Why is the mortgage interest from Quicken different than what the bank charges

The interest rate was 3.375% and the quicken payment is $937.46 and the banks payment is $949.73. If I bring up the register for the loan and try and modify the principal and interest amounts Quicken won' let me modify

Best Answer

  • Mark1104
    Mark1104 Member ✭✭✭✭
    Accepted Answer
    @LongTimeQUser - traditional mortgages (meaning most all 15 year and 30 year mortgages - whether fixed or variable) are based on a 30 day month, meaning the monthly interest is simply the principle * the interest rate / 12.   Then the payment (assuming no escrow) less the interest is the principle paydown.  No adjustment occurs if the date the payment is made each month varies.

    This standard occurred way before the computer age, where trying to determine a monthly amortizing payment on a 30 year mortgage where the number of days could vary each month exceeded the paper and pencils available.  Much simpler to determine the payment per $1,000 of principle at varying interest rates to fully amortize a mortgage over 30 years. 

    Equity Lines of credit  including HELOCs, are most likely based on the number of days between payments (which if your payment varies, then there could be more than 30 days of interest in some monthsd and less than 30 days of interest in other months.  The concept of 'fully amortizing' doesn't necessarily exist for these mortgages. 

Answers

  • The transaction to make a payment is probably in a bank account. If you open the payment transaction in that account, you should be able to modify the principal and interest amounts there.

    I have not confirmed it but I suspect the difference is due to the number of days used by the bank being different from that used by Quicken.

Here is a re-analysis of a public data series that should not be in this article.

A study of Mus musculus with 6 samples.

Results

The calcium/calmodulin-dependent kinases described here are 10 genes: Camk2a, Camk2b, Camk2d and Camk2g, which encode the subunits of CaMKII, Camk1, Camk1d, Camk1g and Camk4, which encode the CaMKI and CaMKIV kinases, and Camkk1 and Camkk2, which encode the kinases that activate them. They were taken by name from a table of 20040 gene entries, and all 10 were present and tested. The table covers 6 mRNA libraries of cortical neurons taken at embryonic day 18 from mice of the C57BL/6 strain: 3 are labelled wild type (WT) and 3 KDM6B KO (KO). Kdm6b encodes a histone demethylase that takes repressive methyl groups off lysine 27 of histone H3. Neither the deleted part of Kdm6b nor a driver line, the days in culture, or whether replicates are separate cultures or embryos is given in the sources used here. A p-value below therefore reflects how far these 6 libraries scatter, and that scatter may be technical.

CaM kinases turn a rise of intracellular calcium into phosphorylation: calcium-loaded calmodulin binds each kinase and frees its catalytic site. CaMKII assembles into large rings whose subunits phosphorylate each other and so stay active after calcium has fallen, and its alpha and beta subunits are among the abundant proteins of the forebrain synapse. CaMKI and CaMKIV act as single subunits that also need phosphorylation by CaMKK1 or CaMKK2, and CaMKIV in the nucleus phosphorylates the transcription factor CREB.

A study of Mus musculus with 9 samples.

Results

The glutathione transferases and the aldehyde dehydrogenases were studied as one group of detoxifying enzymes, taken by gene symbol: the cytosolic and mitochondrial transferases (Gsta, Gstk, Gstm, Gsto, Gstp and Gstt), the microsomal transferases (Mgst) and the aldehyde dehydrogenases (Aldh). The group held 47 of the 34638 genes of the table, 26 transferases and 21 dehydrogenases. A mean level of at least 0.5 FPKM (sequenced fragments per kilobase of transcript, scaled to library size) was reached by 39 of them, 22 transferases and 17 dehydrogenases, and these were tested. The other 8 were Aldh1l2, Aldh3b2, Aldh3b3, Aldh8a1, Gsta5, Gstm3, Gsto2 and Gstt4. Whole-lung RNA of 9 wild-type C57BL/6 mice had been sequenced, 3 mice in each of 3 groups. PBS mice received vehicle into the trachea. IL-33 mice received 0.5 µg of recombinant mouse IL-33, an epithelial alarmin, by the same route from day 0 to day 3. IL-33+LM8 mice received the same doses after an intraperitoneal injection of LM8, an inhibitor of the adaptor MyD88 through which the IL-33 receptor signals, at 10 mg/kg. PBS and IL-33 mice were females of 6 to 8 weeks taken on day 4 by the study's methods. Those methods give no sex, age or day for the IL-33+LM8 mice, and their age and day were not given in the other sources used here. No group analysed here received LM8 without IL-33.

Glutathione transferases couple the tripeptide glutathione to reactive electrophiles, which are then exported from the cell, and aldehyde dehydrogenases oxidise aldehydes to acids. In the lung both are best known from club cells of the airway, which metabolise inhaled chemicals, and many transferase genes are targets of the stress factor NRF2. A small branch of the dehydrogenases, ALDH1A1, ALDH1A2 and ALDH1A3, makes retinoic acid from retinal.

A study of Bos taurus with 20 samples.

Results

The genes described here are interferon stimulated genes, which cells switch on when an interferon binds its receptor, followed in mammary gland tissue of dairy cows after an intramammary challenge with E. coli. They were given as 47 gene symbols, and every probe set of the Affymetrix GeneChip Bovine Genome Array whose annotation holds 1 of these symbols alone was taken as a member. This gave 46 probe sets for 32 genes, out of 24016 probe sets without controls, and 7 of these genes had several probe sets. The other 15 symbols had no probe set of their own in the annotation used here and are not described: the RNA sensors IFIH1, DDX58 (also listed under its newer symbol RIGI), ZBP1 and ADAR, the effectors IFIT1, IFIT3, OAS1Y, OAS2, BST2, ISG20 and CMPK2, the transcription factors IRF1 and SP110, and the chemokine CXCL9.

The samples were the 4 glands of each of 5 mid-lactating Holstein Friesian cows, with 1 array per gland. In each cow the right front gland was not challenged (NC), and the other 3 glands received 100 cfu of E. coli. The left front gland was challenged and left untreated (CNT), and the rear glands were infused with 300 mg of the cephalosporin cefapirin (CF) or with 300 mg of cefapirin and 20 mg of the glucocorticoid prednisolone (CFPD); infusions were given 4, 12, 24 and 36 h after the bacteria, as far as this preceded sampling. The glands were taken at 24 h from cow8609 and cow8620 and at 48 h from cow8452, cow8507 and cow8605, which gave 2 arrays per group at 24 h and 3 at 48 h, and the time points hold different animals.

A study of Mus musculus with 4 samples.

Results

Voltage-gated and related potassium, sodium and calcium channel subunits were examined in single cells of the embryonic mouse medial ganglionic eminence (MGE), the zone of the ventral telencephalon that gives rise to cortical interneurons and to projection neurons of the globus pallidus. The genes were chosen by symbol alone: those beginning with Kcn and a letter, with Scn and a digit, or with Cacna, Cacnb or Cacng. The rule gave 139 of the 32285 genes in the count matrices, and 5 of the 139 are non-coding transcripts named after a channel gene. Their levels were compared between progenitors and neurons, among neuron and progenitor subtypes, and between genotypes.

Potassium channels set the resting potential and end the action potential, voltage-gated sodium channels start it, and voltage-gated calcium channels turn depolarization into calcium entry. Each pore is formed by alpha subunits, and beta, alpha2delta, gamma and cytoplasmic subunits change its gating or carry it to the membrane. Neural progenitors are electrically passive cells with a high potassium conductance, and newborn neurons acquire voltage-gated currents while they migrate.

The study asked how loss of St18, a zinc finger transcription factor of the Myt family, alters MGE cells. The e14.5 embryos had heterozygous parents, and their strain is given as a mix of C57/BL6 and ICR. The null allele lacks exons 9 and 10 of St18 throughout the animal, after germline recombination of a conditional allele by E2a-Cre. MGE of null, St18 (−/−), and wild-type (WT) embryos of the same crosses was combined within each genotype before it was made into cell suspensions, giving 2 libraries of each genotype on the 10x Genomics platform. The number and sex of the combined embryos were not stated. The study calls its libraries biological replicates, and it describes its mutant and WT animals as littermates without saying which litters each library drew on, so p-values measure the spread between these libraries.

• Mark1104
    Mark1104 Member ✭✭✭✭
    Accepted Answer
    @LongTimeQUser - traditional mortgages (meaning most all 15 year and 30 year mortgages - whether fixed or variable) are based on a 30 day month, meaning the monthly interest is simply the principle * the interest rate / 12.   Then the payment (assuming no escrow) less the interest is the principle paydown.  No adjustment occurs if the date the payment is made each month varies.

    This standard occurred way before the computer age, where trying to determine a monthly amortizing payment on a 30 year mortgage where the number of days could vary each month exceeded the paper and pencils available.  Much simpler to determine the payment per $1,000 of principle at varying interest rates to fully amortize a mortgage over 30 years. 

    Equity Lines of credit  including HELOCs, are most likely based on the number of days between payments (which if your payment varies, then there could be more than 30 days of interest in some monthsd and less than 30 days of interest in other months.  The concept of 'fully amortizing' doesn't necessarily exist for these mortgages. 
  • gl_wenger
    gl_wenger Member ✭✭
    So I get a statement every month with the break down of the transaction. I therefore have to look at the payment and adjust the principal and interest amounts every month. If extra money is presented that would also make an adjustment on the previous calculation.
  • Mark1104
    Mark1104 Member ✭✭✭✭
    would you would you mind sharing the following from the bank statement? 

    What was the principle balance last month? How much was interest and how much was principle? 

    And this is a fixed rate mortgage ? (Typically 15 or 30 years?) 

    let’s understand how the statement is working before tackling the quicken implications 

    and are you downloading the mortgage transactions from the bank or letting quicken calculate them?